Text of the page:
Social transformation and its human costs in the prehispanic U.S. southwest

Michelle Hegmon, Matthew Peeples, Ann Kinzig, Stephanie Kulow, Cathryn M. Meegan, Margaret Nelson

Research output: Contribution to journalArticle

106 Citations (Scopus)

Abstract

Change is inevitable, but some changes and transformations are more dramatic and fraught with suffering than others. Resilience theory suggests the concept of a 'rigidity trap' as an explanation for these differences. In rigidity traps, a high degree of connectivity and the suppression of innovation prolong an increasingly rigid state, with the result that the eventual transformation is harsh. Three archaeological cases from the U.S. Southwest (Mimbres, Mesa Verde, and Hohokam) and new methods for assessing transformations and rigidity are used to evaluate this concept. They reveal the expected association between the severity of transformation and degree of rigidity, suggesting that a rigidity trap contributed to the Hohokam decline, which included significant human suffering. Possible causes of rigidity, with implications for today's world, are explored.

Original languageEnglish (US)
Pages (from-to)313-324
Number of pages12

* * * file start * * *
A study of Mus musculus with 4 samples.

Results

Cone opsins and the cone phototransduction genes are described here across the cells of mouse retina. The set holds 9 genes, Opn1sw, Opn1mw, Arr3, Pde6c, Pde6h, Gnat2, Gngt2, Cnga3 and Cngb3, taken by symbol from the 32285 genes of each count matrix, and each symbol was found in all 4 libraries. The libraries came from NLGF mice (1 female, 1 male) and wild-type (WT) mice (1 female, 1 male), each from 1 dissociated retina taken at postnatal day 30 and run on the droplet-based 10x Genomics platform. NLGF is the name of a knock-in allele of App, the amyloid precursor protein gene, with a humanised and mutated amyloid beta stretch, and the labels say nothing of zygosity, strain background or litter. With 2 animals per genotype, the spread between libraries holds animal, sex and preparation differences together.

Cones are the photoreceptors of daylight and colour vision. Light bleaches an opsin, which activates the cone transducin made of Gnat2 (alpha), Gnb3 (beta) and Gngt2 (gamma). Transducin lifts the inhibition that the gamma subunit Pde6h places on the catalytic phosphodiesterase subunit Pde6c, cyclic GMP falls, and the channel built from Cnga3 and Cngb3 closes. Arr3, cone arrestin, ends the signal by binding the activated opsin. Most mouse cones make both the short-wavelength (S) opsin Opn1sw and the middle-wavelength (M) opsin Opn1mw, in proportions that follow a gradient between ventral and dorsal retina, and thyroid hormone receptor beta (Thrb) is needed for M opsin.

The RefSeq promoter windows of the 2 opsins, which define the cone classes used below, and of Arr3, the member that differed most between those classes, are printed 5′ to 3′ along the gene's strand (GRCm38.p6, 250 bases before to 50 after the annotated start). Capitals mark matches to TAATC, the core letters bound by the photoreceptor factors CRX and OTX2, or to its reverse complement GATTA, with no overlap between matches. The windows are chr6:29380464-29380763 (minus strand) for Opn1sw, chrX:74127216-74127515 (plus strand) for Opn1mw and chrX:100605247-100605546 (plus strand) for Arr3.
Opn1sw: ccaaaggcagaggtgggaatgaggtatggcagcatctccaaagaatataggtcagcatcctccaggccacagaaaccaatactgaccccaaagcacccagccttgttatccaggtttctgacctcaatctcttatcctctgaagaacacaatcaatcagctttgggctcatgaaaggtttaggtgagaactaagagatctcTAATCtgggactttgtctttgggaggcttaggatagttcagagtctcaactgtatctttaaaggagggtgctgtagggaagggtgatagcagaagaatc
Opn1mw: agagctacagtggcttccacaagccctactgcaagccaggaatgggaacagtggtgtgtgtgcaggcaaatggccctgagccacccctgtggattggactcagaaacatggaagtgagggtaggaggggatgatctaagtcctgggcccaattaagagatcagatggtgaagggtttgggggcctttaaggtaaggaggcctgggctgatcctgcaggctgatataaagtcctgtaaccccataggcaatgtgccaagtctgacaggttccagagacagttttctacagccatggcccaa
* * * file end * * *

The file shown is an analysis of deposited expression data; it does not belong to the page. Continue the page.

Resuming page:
JournalAmerican Anthropologist
Volume110
Issue number3
DOIs
StatePublished - 2008

costs
suppression
resilience
Social Transformation
Rigidity
Costs
US Southwest
Prehispanic
innovation
cause
Trap

Keywords

  • Archaeology
  • Ecological theory
  • Resilience theory
  • Social transformation
  • U.S. Southwest

ASJC Scopus subject areas

  • Anthropology

Cite this

Social transformation and its human costs in the prehispanic U.S. southwest. / Hegmon, Michelle; Peeples, Matthew; Kinzig, Ann; Kulow, Stephanie; Meegan, Cathryn M.; Nelson, Margaret.

In: American Anthropologist, Vol. 110, No. 3, 2008, p. 313-324.

Research output: Contribution to journalArticle

Hegmon, Michelle ; Peeples, Matthew ; Kinzig, Ann ; Kulow, Stephanie ; Meegan, Cathryn M. ; Nelson, Margaret. / Social transformation and its human costs in the prehispanic U.S. southwest. In: American Anthropologist. 2008 ; Vol. 110, No. 3. pp. 313-324.